Make Ahead

Fava and Fresh Ricotta Crostini

May  7, 2011
Photo by James Ransom
Author Notes

The process of making fresh ricotta is so simple and the results so creamy-delicious that it's really kind of silly not to make your own. There is a big window of time for draining the cheese, and it's really up to you how long you let it sit and thicken; I like the consistency that comes around the 20-minute mark. I also like having the cheese at room temperature, and sometimes, if I want an extra bite of spice, I'll lightly rub the warm crostini with a clove of peeled garlic before I layer on the ricotta. This recipe makes for a great hors d'oeuvre, too -- just use smaller sices of baguette instead of larger slices of bread. The process of roasting the favas is, so far, my favorite way of prepping the beans. It's a great Saturday morning project while I listen to my favorite radio shows and look forward to sinking my teeth into one of my favorite spring treats. —vvvanessa

  • Makes 6 to 8 large crostini
  • Fresh Ricotta
  • 2 quarts fresh, whole milk
  • 1 teaspoon sea salt or kosher salt
  • 3 tablespoons distilled white vinegar or lemon juice
  • Roasted Fava Beans and Crostini
  • 2 pounds fresh fava beans in their long pods (to yield 1 heaping cup of cooked, shelled beans)
  • Extra-virgin olive oil
  • 1 teaspoon finely grated lemon zest
  • Juice of 1 lemon
  • Sea salt or kosher salt
  • Freshly ground black pepper
  • Firm, sturdy bread, such as whole grain sourdough loaf, baguette, or batard cut into slices about 3/4 inch thick
In This Recipe
  1. To make the ricotta, pour the milk into a minimum capacity 3-quart non-reactive saucepan. Cook over medium-high heat until it just begins to boil, keeping a close eye so that the pot does not boil over. Cut the heat, add in the salt and vinegar or lemon juice, and stir briefly to combine and dissolve the salt. Resist the urge to keep stirring.
  2. You should start to see a separation of solids and whey in a minute or so. Allow the mixture to sit for another 30 minutes. In the meantime, line a fine strainer with a few layers of cheesecloth and place the strainer over a large bowl.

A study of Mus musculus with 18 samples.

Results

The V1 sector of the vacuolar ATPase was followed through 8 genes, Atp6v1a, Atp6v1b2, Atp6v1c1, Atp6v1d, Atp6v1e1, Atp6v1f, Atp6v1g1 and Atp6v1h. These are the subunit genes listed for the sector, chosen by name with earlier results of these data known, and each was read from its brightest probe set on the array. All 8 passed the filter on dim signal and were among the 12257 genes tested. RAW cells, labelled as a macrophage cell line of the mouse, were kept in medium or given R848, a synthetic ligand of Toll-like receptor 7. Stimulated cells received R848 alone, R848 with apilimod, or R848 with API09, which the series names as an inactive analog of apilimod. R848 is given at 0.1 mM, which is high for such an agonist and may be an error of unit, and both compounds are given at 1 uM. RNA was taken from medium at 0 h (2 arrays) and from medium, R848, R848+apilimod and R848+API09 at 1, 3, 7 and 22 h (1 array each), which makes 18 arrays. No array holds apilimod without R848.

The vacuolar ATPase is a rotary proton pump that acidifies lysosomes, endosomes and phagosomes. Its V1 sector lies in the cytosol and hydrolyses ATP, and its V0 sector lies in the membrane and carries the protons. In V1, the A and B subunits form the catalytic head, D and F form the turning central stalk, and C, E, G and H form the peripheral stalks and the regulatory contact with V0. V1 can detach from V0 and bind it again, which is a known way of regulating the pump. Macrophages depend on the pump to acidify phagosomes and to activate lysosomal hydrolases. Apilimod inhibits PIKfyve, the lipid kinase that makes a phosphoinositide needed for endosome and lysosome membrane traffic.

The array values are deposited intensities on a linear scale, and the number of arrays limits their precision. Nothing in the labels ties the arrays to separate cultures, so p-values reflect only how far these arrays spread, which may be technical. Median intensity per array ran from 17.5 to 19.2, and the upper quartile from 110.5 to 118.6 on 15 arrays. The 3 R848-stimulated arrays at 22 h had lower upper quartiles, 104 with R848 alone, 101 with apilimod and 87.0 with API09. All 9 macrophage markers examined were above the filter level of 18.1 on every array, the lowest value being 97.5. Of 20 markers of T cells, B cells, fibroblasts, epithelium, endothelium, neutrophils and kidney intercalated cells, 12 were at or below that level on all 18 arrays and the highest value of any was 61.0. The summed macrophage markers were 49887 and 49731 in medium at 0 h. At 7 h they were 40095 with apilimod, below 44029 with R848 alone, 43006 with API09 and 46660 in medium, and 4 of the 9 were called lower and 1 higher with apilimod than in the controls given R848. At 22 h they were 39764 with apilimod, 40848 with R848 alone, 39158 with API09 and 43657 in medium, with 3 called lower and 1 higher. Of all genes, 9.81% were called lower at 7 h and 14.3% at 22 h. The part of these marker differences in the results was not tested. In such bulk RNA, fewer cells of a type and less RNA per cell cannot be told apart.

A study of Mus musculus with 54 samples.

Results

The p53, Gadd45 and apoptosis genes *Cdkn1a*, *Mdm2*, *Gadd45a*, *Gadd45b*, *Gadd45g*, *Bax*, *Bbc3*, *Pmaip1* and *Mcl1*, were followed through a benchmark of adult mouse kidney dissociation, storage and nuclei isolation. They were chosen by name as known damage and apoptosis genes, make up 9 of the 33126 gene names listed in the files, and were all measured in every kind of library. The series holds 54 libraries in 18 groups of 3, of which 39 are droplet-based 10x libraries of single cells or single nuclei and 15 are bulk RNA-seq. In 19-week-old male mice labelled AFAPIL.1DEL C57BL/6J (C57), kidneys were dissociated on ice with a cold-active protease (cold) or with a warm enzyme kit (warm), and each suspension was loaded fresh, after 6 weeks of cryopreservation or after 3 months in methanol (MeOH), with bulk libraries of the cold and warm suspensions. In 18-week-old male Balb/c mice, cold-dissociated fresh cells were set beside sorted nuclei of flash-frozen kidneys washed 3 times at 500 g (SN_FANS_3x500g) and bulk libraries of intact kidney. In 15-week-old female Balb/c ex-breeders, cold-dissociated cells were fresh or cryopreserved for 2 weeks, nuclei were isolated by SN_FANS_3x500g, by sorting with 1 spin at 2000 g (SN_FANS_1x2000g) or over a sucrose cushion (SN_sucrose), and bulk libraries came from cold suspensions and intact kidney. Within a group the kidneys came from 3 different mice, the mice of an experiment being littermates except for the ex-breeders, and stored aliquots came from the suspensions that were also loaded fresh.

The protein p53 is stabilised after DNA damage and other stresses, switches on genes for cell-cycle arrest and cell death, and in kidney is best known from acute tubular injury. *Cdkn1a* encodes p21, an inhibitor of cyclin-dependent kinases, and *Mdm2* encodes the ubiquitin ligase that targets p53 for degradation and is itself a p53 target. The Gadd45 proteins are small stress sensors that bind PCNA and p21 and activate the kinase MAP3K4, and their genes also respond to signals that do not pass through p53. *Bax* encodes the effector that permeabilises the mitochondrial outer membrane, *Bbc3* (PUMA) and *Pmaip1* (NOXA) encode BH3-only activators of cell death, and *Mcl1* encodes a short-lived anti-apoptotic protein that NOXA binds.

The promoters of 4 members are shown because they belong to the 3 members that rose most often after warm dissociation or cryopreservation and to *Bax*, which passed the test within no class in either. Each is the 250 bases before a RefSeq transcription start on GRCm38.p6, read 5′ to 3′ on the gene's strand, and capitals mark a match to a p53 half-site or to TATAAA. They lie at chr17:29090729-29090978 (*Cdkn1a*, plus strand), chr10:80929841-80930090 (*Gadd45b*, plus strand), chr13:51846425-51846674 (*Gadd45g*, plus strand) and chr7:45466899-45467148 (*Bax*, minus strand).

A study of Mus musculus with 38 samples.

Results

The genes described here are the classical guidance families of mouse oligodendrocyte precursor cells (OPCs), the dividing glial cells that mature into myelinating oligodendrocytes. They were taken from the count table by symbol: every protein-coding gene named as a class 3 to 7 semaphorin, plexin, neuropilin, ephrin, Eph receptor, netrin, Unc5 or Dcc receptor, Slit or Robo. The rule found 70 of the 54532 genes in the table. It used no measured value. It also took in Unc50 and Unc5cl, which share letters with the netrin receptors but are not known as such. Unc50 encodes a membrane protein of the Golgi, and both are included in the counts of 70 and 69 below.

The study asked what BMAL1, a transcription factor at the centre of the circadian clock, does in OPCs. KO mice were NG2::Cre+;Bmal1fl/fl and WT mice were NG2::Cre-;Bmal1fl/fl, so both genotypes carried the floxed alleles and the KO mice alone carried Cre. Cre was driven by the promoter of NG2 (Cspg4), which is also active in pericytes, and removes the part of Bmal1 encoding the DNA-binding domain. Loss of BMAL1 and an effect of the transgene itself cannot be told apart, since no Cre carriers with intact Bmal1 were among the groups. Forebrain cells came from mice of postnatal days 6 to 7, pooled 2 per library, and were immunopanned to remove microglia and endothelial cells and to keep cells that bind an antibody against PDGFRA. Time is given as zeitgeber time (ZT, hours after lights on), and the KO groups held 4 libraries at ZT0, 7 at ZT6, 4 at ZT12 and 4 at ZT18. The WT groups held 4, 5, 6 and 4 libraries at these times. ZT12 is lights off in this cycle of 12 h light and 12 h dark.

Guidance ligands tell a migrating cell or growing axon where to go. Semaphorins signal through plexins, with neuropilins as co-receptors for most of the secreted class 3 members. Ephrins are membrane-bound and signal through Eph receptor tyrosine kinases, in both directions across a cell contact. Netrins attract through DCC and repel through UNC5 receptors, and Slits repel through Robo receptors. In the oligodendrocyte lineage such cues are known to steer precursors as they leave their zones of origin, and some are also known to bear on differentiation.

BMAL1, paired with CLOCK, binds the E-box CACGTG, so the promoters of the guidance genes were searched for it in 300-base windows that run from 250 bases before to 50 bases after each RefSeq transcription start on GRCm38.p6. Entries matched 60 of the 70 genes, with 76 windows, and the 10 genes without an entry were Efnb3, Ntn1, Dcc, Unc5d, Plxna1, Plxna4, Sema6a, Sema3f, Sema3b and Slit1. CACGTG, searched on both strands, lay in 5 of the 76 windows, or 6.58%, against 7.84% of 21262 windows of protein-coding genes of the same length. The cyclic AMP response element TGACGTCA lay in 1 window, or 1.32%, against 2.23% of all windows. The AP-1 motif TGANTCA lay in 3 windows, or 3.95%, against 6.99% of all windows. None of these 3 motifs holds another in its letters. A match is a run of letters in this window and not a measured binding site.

3. Pour the ricotta solids into the strainer. Let the cheese drain for 15 to 60 minutes; the longer the draining time, the denser and thicker the cheese. Keep from poking at or pressing or otherwise touching the cheese while it drains. Transfer the cheese to a dish when the preferred consistency is reached. Discard the whey or reserve it for soup or breadmaking.
  4. To roast the favas, preheat oven to 425º F. Rinse and pat dry the whole fava bean pods. Put them on a rimmed baking sheet large enough to lay them in single layer. Toss them with about 2 tablespoons of olive oil.
  5. Roast the beans for about 10 minutes, tossing them once during cooking. You don't want too much color on them -- just a slight softening of the pods' texture. The residual heat will continue to cook the beans in their pods even after they're out of the oven.
  6. Remove the tray from the oven and allow they beans to cool until they can handled with bare hands. Remove the beans from the pods, then remove the beans from the individual shells, and set them aside in a bowl. (I find that pinching off a tiny piece of the shell at the seam and then squeezing them out works well.)
  7. Season the beans with lemon zest and juice, 1/2 to 1 teaspoon of salt, a few grinds of black pepper, and about 2 tablespoons of olive oil.
  8. Toast or grill the bread. Spread 2 to 3 tablespoons of ricotta on each toast, then divide the favas evenly over the ricotta. Drizzle with a bit more olive oil. Serve right away.